If you have received a notice that an EEOC (Equal Employment Opportunity Commission) Charge of Discrimination has been filed against your company by either a current or former employee, the following are tips on dealing with a Charge of Discrimination.
1. Don’t Panic. Although it’s called a “Charge of Discrimination,” the initial notification that a claim of discrimination has been made is just that – a claim by the employee. No investigation or finding of discrimination has yet been made by the EEOC. The “Charge” simply puts you on notice that an employee has filed a claim alleging discrimination and/or retaliation which the EEOC will investigate.
2. Don’t Ignore the Charge. You should immediately and thoroughly review the Charge. It contains important information and instructions that you should carefully read and follow. Note any deadlines to file a response to the Charge or provide requested documentation. Your response to the Charge is called a “Position Statement.” A Position Statement is your opportunity to tell your side of the story and correct any misstatements by the employee and defend the claims being asserted against your company.
3. Don’t Ignore Additional Requests for Information. After receipt of your Position Statement, it is not uncommon for the EEOC to request additional information. You may be asked for your policy on discrimination, employee handbook, personnel information or even employee files. If you don’t supply the information requested, the EEOC will issue an administrative subpoena for the documents.
4. Ask for Additional Time to Gather Any Documents Requested. If it appears complying with an EEOC request will be difficult or impossible, request additional time in writing. It is best to ask well before your deadline to respond.
5. The EEOC’s Investigation. After receiving your Position Statement and relevant documents, the EEOC may conclude there was no finding of discrimination and close its file. However, If the EEOC determines that discrimination may have occurred, its investigation will continue. The EEOC may request an on-site visit, interview witnesses or ask for additional documentation.
6. Take Advantage of Mediation If It Is Offered. Some, but not all, Charges will be eligible for mediation. Take this opportunity to try to resolve the claim. If the case is voluntarily settled, the EEOC will close its file. However, the EEOC may place certain requirements of its own in the settlement such as employer training on discrimination and/or setting up anti-discrimination policies.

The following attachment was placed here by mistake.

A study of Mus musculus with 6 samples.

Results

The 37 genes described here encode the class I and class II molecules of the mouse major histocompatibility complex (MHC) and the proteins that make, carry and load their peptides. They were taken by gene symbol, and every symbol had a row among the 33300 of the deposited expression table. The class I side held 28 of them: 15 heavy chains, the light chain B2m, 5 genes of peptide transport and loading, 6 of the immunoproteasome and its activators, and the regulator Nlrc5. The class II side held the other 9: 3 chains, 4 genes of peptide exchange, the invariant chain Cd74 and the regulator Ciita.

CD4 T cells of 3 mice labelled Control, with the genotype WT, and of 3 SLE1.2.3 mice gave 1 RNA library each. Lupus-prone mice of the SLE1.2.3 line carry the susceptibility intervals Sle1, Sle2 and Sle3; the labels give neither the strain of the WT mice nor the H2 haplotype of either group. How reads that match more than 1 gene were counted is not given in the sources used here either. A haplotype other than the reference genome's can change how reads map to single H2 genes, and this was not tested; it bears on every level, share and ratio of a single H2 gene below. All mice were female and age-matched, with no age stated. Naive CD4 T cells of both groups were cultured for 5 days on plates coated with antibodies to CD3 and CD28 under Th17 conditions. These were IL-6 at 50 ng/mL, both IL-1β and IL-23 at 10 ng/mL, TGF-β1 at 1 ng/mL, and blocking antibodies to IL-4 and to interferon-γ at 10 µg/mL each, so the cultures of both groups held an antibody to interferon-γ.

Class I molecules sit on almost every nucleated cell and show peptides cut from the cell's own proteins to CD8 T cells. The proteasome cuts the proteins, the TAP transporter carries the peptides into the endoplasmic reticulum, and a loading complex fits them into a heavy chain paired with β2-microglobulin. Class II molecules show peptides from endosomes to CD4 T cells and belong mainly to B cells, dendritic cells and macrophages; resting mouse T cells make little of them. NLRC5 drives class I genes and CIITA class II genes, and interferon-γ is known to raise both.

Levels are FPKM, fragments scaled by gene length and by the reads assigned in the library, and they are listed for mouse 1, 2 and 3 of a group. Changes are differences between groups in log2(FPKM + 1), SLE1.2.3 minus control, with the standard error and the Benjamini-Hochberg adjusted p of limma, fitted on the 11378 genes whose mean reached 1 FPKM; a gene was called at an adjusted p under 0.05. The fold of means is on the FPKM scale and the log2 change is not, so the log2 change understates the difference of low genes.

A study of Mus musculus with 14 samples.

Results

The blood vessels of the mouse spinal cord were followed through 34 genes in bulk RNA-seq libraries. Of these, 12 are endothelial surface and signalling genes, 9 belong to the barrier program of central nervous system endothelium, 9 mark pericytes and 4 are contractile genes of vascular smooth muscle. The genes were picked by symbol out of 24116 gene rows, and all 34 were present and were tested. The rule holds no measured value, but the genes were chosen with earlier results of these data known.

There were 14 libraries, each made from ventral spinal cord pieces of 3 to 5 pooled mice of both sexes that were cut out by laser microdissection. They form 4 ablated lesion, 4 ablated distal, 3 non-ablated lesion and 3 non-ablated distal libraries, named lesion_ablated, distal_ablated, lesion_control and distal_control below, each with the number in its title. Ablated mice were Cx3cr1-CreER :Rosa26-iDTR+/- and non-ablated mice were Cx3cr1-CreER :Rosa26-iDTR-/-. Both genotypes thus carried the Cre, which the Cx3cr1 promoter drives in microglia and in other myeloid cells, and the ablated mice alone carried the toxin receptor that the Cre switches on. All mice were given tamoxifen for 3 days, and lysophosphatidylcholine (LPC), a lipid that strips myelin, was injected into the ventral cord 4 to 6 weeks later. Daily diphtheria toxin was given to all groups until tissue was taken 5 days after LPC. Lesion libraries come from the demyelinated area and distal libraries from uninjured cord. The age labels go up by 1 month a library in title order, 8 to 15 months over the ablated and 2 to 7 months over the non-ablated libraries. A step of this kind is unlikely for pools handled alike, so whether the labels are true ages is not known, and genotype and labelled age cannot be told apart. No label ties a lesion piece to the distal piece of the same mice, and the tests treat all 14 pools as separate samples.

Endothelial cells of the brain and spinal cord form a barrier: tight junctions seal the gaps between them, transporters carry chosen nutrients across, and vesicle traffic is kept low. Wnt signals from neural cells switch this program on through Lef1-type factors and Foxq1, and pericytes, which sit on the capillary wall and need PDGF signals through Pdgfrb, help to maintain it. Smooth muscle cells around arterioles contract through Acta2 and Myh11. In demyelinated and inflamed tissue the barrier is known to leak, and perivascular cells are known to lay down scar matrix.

7. Propose A Settlement to The Charging Party. Even without mediation, you can propose and negotiate a settlement to the Charging Party at any time. The EEOC will take part in this settlement proceeding. Additional terms and conditions not required by EEOC may be set forth in a separate settlement agreement (which will not include the EEOC) if the Parties desire additional terms and conditions be included such as non-disparagement or other terms important to the Parties, but not necessarily important to the EEOC.
8. If You Can’t Resolve the Issue. If you are unable to resolve the Charge issues, the EEOC will continue its investigation and either issue a finding of discrimination (a “for-cause” finding) or may find it is unable to determine if discrimination occurred.
9. Bringing Suit Against the Employer. If the EEOC is unable to determine that discrimination occurred, it will issue a Right to Sue letter which gives the employee the right to file a civil suit in federal court against the employer within 90 days. If the EEOC concludes there is reasonable cause to believe that discrimination may have occurred the EEOC may file suit against the employer.
10. You Have the Right To Hire An Attorney. Retaining an experienced attorney WHEN YOU FIRST RECEIVE A CHARGE OF DISCRIMINATION can be your best decision in order to secure a positive outcome for your company when you are faced with a Charge of Discrimination.
If you have a related legal matter and would like to find out how The Cromeens Law Firm, PLLC, can assist you, contact us today.
This article is intended as a general educational overview of the subject matter and is not intended to be a comprehensive survey of recent jurisprudence, nor a substitute for legal advice for a specific legal matter. If you have a legal issue, please consult an attorney.